No matter how experienced you are, it’s easy to get terms mixed, confused, and misunderstood. To help, we’ve prepared this brief primer on performance testing vs stress testing to define these common terms (and a few others). You may still hear some of these terms used interchangeably, but at least now you have ammunition to correct others when you’re feeling pedantic. <grin> Let’s start with load testing.
Load testing is testing your site, API or app under a particular load (thus the name). Specifically, it’s testing how your entire system operates under the simulated pressure of a particular number of users performing a particular number of tasks. Designed to simulate real-world use, many people equate load testing with testing of a particular number of simulated users.
In a sense, it’s a way to make sure that your expected level of users gets the best possible experience. Sometimes, we use “load testing” to encompass all of these performance-related tests, but it’s generally best to use the term “load testing” to refer specifically to testing the system load a set of virtual users places on the system.
Load testing, too, is what we recommend you integrate into your continuous delivery practice (CD) so that you’re watching for any issues that may crop up in any part of your project in regular builds - code, databases, architecture - any of the many areas today’s modern developer/devops pro has to watch for.
In contrast, the term “performance testing” can encompass more than the simulated user experience. Performance may watch for not only overall system performance under user load, but may also watch for things like data throughput, database I/O speeds, internal communication speeds, memory usage, and so forth.
The instrumentation for performance testing is related to load testing, but is not necessarily the same. The server agents that handle the load testing can communicate with other products (like NewRelic) to correlate performance issues as regular load tests run.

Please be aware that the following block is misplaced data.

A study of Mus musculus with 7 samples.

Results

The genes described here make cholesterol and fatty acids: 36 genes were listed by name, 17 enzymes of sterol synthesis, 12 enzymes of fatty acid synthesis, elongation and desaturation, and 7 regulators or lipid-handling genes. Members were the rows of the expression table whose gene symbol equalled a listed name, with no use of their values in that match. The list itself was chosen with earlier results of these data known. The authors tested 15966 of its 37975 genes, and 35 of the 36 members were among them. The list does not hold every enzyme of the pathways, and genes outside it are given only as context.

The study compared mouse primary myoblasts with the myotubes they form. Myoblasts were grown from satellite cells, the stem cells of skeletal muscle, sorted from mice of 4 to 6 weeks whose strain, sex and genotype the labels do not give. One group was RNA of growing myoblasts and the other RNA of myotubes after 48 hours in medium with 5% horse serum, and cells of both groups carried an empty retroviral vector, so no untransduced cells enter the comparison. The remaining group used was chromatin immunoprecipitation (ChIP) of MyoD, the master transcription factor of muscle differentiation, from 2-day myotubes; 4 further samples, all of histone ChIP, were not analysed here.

Stress Testing usually refers to a less frequent test that, to simplify, throws as much stress - usually simulated users and user actions - at an app/site/API as it can take. It’s not something you run frequently as you should a load test. Instead, it’s a way to illuminate weaknesses and bottlenecks in your projects before you’re anticipating an influx of traffic. (Or just as a regular preventative measure in case you do experience a traffic peak.)
Similarly, a “spike test” suggests that you’ve created a load testing scenario that simulates a brief traffic spike so that you can watch how your project responds and recovers. You may have also heard of a “soak test,” which is basically a long-running, slowly-ramping load test.
Choosing the Best Test
The best test, of course, is a consistently conducted load test as part of your CI / CD practice. As we advocate often, when you conduct load tests consistently, they illuminate potential performance issues before they can become a problem. Of course, you should also correlate those tests with your regular performance testing to watch for bottlenecks. Stress testing is an excellent, less-frequent way to battle-harden your projects against unanticipated usage.
In this short space, we’ve oversimplified some, but this should give you a good working definition of each type of test - and when you should use them.